In September 2012, we reported that the Supreme Court of British Columbia had rendered a judgment1 confirming that a corporate policy imposing an advance nomination process for a shareholders’ meeting was reasonable and did not infringe the shareholders' rights relating to the election of the corporation's directors (“Advance Notice Policy”). We concluded at the time that Advance Notice Policies are a tool that can prevent nominations in cases where they might be enforced by ambush or by proxy contest. Nine months later, we notice that Advance Notice Policies have been adopted by numerous Canadian public corporations and that proxy advisory firms such as Institutional Shareholder Services Inc. (“ISS”) and Glass Lewis & Co., LLC (“Glass Lewis”) have widely supported their implementation.
Furthermore, since many Canadian public corporations are still seeking to put in place other responsible defences against proxy contests, we wish to advise in this bulletin that Canadian Oil Sands Limited and other Canadian public corporations recently adopted “Enhanced Quorum By-Laws”, in addition, to Advance Notice Policies, at their respective annual and special shareholders’ meetings. Enhanced Quorum By-Laws require a minimum of two shareholders holding at least a majority of the issued and outstanding common shares (an “Enhanced Quorum”) to be present or represented by proxy at any meeting at which a shareholder will be seeking to replace half or more of the board of directors, before the meeting can be held and business validly transacted.
This is different from the more standard practice among issuers with respect to quorum at shareholders’ meetings, which is generally 10% of the shareholders, represented in person or by proxy. The Enhanced Quorum requirement is intended to ensure the enfranchisement of all the shareholders and that a material number of shares are represented at shareholders’ meetings, where such a fundamental change to the business and strategic direction of a corporation may occur. Enhanced Quorum By- Laws have recently been adopted by at least four Canadian public corporations.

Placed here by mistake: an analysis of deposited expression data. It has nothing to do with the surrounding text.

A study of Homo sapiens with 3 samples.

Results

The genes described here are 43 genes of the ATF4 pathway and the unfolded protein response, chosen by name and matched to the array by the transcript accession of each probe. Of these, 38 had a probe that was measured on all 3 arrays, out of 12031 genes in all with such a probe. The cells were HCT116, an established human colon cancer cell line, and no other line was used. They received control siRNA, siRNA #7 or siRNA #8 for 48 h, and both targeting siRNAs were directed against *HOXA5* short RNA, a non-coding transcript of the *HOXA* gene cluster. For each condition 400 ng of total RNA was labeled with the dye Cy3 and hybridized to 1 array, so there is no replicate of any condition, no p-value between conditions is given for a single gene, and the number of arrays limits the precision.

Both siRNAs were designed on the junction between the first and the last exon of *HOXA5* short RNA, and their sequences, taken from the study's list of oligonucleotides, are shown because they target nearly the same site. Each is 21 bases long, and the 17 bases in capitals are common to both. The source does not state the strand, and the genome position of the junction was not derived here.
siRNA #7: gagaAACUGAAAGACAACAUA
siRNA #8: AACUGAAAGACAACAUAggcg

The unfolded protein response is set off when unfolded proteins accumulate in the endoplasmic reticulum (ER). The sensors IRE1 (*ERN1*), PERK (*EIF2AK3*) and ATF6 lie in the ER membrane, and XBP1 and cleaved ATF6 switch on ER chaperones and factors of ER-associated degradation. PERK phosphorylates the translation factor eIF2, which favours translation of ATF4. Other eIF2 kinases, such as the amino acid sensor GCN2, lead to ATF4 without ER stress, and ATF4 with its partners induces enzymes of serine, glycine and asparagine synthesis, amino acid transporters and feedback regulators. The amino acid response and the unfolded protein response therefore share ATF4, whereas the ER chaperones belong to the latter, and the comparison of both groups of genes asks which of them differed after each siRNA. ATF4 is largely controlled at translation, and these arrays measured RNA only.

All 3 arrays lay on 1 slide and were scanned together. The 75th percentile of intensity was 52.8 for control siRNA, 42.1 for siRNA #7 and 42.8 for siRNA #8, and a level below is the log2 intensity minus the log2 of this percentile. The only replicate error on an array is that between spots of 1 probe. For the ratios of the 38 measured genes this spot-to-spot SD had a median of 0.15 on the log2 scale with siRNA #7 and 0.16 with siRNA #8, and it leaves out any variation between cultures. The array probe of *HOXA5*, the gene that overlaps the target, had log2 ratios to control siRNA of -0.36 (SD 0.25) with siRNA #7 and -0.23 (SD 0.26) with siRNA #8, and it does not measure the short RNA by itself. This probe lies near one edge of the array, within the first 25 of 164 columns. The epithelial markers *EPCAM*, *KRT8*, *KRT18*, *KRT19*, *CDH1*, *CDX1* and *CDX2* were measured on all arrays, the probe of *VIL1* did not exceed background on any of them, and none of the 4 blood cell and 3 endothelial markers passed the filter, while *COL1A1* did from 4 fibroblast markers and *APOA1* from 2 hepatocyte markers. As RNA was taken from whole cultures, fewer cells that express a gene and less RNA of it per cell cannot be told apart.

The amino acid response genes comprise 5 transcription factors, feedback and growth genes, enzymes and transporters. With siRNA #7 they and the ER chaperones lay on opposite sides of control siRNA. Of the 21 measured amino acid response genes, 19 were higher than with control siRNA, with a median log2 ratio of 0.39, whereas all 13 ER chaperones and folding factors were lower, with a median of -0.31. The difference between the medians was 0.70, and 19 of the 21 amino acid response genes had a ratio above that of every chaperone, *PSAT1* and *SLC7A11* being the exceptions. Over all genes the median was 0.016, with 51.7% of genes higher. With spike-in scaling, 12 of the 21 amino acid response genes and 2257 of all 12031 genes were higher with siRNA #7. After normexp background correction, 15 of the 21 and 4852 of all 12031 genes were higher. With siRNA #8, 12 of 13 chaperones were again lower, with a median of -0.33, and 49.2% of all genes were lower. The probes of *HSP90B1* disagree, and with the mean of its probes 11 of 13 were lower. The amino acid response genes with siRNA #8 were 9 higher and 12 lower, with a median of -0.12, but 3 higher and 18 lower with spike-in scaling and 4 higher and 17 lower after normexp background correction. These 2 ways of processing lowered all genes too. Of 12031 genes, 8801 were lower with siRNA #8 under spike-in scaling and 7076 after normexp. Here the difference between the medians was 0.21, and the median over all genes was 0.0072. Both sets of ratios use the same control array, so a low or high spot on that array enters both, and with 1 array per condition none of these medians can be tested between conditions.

An Enhanced Quorum would provide a better framework to shareholders for exercising their fundamental right to make significant changes to the board of directors of a public corporation. In the absence of an Enhanced Quorum for the transaction of business at any meeting where the Enhanced Quorum is required, those present and entitled to vote will constitute a quorum for the purpose of (i) conducting all business other than for the election of directors, and (ii) the adjourning of such meeting. The meeting may be adjourned no more than twice for an aggregate of no more than 65 days. If an Enhanced Quorum is not present at the opening of the second adjourned meeting, if any, those shareholders present and entitled to vote at that adjourned meeting will constitute quorum for the transaction of business, including the election of directors, at the adjourned meeting.
The concept of Enhanced Quorum was integrated by a few other Canadian corporations such as Open Text Corporation, Rutter Inc. and Enghouse Systems Limited into those companies’ respective majority voting policies. Majority voting policies generally provide that if the votes in favour of the election of a director nominee at a shareholders’ meeting represent less than a majority (50 %) of the shares voted and withheld, the nominee will submit his or her resignation promptly after the meeting, for the corporation’s consideration. The majority voting policies of the corporations referred to above would only apply in an uncontested election at which more than 65% of the outstanding common share have been voted by holders in person or by proxy.
It is reasonable to believe that both ISS and Glass Lewis will generally support the adoption of Enhanced Quorum By-Laws. Like Advance Notice Policies, Enhanced Quorum By-Laws appear to be yet another answer to shareholder activism, which has been growing and trending in Canada. Similarly to Advance Notice Policies, Enhanced Quorum By-Laws will particularly benfit junior issuers.
1 Northern Minerals Investment Corp. v. Mundoro Capital Inc., 2012 BCSC 1090 [Mundoro Capital].